Mine collapse kills 27 in north Afghanistan
File picture shows a coal mine in Afghanistan's Samangan province, north of Kabul on August 7, 2012. A coal mine collapse has killed at least 27 miners in the north of Afghanistan, officials said on Sunday, with rescue efforts under way to save about 12 workers trapped underground.
Emergency teams rushed to the scene after the mine collapsed in a remote area of Samangan province on Saturday, and bodies were being brought out of the accident site.
"We have 27 miners who died while they were working in an underground coal mine in Abkhorak coal mine in Ruyi Du Ab district," Mohammad Sediq Azizi, the Samangan governor's spokesman, told AFP.
"They were working in a coal mine when part of the mine collapsed on them. We are heading to the scene for further investigation," Azizi said, adding that 20 other people had been injured.
Mosadiqullah Muzafari, Samangan's deputy security chief, said four rescue workers were badly injured and about 12 miners were still stuck underground.
Conditions in Afghan coal mines can be dangerously primitive, with miners working with old equipment and little in the way of ventilation or safety gear.
The US conducted an aerial mining survey of Afghanistan in 2006, building on data from the Soviet occupation of the 1980s, and found evidence of $1 trillion of minerals deposits in the country.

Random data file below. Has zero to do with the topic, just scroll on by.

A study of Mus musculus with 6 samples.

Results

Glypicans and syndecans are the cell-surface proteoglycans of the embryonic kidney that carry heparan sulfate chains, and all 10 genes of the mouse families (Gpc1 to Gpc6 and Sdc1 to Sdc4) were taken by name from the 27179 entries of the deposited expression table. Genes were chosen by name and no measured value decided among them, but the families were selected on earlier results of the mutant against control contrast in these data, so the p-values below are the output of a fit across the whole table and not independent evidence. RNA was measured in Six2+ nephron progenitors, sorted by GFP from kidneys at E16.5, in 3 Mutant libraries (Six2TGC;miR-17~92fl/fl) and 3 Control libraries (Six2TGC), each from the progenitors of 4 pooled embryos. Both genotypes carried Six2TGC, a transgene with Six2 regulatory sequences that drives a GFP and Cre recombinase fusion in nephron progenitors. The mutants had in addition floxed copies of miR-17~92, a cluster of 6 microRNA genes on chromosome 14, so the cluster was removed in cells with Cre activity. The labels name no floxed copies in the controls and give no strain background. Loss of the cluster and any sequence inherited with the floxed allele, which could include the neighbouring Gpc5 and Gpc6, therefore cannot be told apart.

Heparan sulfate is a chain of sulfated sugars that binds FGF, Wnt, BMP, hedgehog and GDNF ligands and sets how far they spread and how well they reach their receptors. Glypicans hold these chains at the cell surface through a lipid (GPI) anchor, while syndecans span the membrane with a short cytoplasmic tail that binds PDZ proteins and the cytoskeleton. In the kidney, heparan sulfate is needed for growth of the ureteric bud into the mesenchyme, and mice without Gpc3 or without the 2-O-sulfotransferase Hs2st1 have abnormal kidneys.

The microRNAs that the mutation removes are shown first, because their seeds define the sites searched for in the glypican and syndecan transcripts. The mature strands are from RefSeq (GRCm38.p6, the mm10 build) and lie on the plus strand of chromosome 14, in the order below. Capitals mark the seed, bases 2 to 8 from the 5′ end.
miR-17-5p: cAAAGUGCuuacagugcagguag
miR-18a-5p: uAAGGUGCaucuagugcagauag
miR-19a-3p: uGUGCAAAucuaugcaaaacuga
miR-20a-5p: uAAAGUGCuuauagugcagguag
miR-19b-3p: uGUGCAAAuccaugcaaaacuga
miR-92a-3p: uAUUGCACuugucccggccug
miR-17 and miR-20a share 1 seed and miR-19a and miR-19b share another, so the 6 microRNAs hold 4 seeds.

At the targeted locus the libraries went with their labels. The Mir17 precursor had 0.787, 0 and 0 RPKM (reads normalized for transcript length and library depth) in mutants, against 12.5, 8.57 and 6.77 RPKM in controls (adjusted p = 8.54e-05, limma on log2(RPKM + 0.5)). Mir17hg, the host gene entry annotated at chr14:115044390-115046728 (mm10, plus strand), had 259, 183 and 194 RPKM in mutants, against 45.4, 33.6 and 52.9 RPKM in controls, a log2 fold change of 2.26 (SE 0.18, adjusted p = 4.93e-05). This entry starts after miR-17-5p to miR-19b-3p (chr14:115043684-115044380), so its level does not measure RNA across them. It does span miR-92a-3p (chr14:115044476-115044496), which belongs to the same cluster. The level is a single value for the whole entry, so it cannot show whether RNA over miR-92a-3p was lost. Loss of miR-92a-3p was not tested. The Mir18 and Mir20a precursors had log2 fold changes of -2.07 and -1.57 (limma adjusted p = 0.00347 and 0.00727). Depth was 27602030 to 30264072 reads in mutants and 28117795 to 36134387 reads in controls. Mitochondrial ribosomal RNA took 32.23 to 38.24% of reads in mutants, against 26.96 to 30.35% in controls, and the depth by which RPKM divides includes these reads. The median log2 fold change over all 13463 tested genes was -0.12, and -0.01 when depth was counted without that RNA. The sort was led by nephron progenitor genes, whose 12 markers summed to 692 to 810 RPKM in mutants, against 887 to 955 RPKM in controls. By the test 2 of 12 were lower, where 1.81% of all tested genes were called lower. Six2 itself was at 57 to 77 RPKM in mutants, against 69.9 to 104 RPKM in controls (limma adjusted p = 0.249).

Such potential wealth offers a glimmer of hope to a country ravaged by decades of war and facing further turmoil as 87,000 international troops fighting Taliban insurgents head home by the end of next year.
The government is counting on commercial mining as a future source of much-needed income, and a new mining law is due to be passed soon to regulate the industry and encourage investment.
But the legislation is stuck in parliament after long delays and disputes between competing ministries.
More setbacks could push the bill beyond elections in April, when President Hamid Karzai is due to step down after 12 years in power and Afghanistan looks set for a period of political uncertainty.
Economic development is considered a vital weapon to stop the country from sinking back into civil war and to stem Islamist extremism.
Afghanistan is currently heavily dependent on foreign donors, but there are fears that once NATO-led troops withdraw, aid money will decline and investors will leave due to security concerns.
Last year, a donors' conference in Tokyo pledged $16 billion to Afghanistan on strict condition that progress would be made to reform the country as NATO troops depart.